The views and opinions expressed in this blog are mine personally, and are not necessarily representative of Texas Health Resources or its subsidiaries.
By Ed Marx
How can so many of us hold the title of leader, yet never be remembered? Why do some leaders make a difference while others do not? Fear.
Fear keeps us from making a difference. Too often leaders fade without notice or with merely a modicum of fanfare because of their longevity in a company, because they stuck with tradition, and perhaps they achieved small wins. Conversely, legacy leaders stick their necks out and occasionally go against the flow. They spin the roulette wheel while their peers play it safe. Anyone can play safe – status quo. But legacy leaders fight fear, calculate options, then jump in with both feet. Leaders who leave legacies take risks.
No risk, no legacy. Our founding fathers pursued a risky mission, and look at the legacy they left us. Martin Luther King Jr. took risks that prematurely ended his life, but his legacy endures. Pause for a moment and think of a legacy leader who advanced with nothing at stake? Thought so.
I overhear leaders say they want to make a difference, want to transform healthcare locally and nationally. Yet healthcare is stuck in neutral, if not reverse. Decision makers are overly conservative in their approach to innovation and opportunity. Paradoxically, some I know in management were risk takers early in their careers and enjoyed success. For whatever reason, they shifted gears into a risk-averse posture and ran out of gas short of their destination. We as healthcare leaders must intrepidly drive forward, or surrender the wheel to someone who will.
I want to encourage and reward the courageous, and the best way to do it is to lead by example. Push the envelope. Try new programs, systems, and services before they are mainstream. I don’t settle for giving lip service, I fund and staff risk ventures. Then I reward my risk takers publically, even in failure, because they gave it their all. Perseverance will eventually pay off.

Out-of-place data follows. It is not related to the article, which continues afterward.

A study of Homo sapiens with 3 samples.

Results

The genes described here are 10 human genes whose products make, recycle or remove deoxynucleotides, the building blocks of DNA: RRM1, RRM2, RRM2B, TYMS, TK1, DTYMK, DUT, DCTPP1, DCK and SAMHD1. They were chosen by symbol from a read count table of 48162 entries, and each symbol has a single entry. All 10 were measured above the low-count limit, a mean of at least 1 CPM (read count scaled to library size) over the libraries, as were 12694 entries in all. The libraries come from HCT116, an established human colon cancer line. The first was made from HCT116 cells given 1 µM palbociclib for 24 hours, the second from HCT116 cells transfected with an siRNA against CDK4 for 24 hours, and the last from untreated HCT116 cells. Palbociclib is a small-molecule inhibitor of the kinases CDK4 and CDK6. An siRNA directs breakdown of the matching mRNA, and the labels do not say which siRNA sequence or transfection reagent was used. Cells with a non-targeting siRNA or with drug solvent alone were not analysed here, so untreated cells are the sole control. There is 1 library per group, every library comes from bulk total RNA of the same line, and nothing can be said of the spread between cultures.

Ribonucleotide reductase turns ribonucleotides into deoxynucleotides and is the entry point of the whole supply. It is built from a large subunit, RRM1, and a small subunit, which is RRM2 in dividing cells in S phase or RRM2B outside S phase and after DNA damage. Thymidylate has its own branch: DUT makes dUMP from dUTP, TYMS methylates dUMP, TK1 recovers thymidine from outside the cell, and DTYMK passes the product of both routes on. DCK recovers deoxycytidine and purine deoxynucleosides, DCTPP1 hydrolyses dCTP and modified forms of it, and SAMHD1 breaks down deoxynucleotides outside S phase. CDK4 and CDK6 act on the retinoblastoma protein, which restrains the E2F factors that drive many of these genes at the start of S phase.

Risk provides a competitive advantage. Do you want to create separation and differentiation in your marketplace? Risk. Tap into the creativity of those employees with a passion to innovate and transform. Yes, there will be failure. Use failure as a catalyst to increase your risk tolerance, not shy away from it. Learn and embrace failure. Edison did.
Stop analysis paralysis. Adopt Colin Powell’s leadership lesson #15, “P@40 to 70.” P stands for the probability of success; the numbers indicate the percentage of information acquired. Once the information is in the 40 to 70 range, go with your gut. Procrastination in the name of reducing risk actually increases the potential of failure or falling behind.
To those who favor remaining conservative. Do you fear losing your job? When you play safe, you’re rewarded with keeping your position, right? But if you don’t rock the boat or challenge the status quo, do you lose part of your soul?
A board vice chair told me, “Ed, if you do your job right, you won’t be here a year from now.” I took his comment as encouragement to take risks on behalf of our patients and providers. If I lose my job in the process, so be it. I do not operate under the fear of man but under the fear of not influencing my part of the world.
Risk is a lifestyle not just a work mode. When hiring like-minded staff, determine the risk quotient of potential candidates by finding out what they do outside of work. If they stick to the standard fare, move on. If they play it safe, move on. They won’t act any different in the workplace.
What about you? Are you a legacy leader making a difference? Will anyone remember your years of effort? Will healthcare be transformed because of your actions?
What are you doing today that is risky? What are you doing today to encourage risk?
Demand it. Live it.
Ed Marx is senior vice president and CIO at Texas Health Resources in Dallas-Fort Worth, TX. Ed encourages your interaction through this blog. (Use the “add a comment” function at the bottom of each post.) You can also connect with him directly through his profile pages on social networking sites LinkedIn and Facebook, and you can follow him via Twitter – User Name “marxists.”